1060 Numerical Simulations of Interactions Among Mesoscale Convective Systems, Cold Pools, and Low-Level Jets with Assimilation of Surface Mesonet and Radar Data

Wednesday, 10 January 2018
Exhibit Hall 3 (ACC) (Austin, Texas)
Derek Hodges, Univ. of Utah, Salt Lake City, UT; and Z. Pu

This study investigates the complicated interactions among mesoscale convective systems (MCS), cold pools (CP), and the low-level jet (LLJ) for a case on 23-24 May 2011 over the Southern Great Plain Region using the mesoscale community Weather Research and Forecasting (WRF) model. The impact of the data assimilation on improving the representation of these interactions in the WRF model is also assessed with the NCAR Data Assimilation and Research Testbed (DART) system. It is found that the numerical simulations of the mesoscale convective case and its interactions with CP and LLJ are sensitive to the microphysics, planetary boundary layer, and land surface parameterizations as well as the grid spacing, initial time, and initial conditions of the model. However, the sensitivity and associated uncertainty are reduced through the data assimilation.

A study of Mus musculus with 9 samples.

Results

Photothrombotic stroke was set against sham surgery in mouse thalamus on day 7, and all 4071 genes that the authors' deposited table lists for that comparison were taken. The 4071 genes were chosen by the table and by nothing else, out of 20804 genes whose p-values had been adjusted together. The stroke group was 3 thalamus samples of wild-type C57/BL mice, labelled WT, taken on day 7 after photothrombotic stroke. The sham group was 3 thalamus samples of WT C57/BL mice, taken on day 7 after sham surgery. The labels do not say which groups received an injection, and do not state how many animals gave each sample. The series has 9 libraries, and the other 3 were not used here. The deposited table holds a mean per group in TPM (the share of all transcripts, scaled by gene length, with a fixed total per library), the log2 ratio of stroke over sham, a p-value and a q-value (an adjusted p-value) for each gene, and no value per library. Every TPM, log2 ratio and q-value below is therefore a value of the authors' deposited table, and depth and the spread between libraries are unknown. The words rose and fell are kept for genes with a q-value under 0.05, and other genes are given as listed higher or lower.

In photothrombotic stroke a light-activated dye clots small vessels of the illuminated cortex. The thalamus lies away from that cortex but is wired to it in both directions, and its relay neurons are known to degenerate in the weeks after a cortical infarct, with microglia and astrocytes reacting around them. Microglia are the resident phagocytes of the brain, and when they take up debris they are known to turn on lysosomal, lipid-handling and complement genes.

The LLJ modified the MCS and CP it interacted with. Meanwhile, its strength, position, and orientation were also affected by the MCS and CP. In this way, a dynamic feedback can result. Specifically, the LLJ strengthens the MCS through the transport of warm and moist air and convergence, after which the stronger MCS dynamically strengthens the LLJ through latent heat release and lowering pressure through two mechanisms on both the convective and mesoscale. The stronger MCS also strengthens its surface CP. This feedback allowed for a divergence in the simulations for this event based primarily on their strength of the initial dry line convection and associated CP. Data assimilation was used to reduce the uncertainties associated with this convective system that were determined to be the most influential in the model divergence observed. Assimilation of Oklahoma mesonet data improved the representation of surface CPs, while radar data has an influence on the MCS representation. Details will be presented at the conference.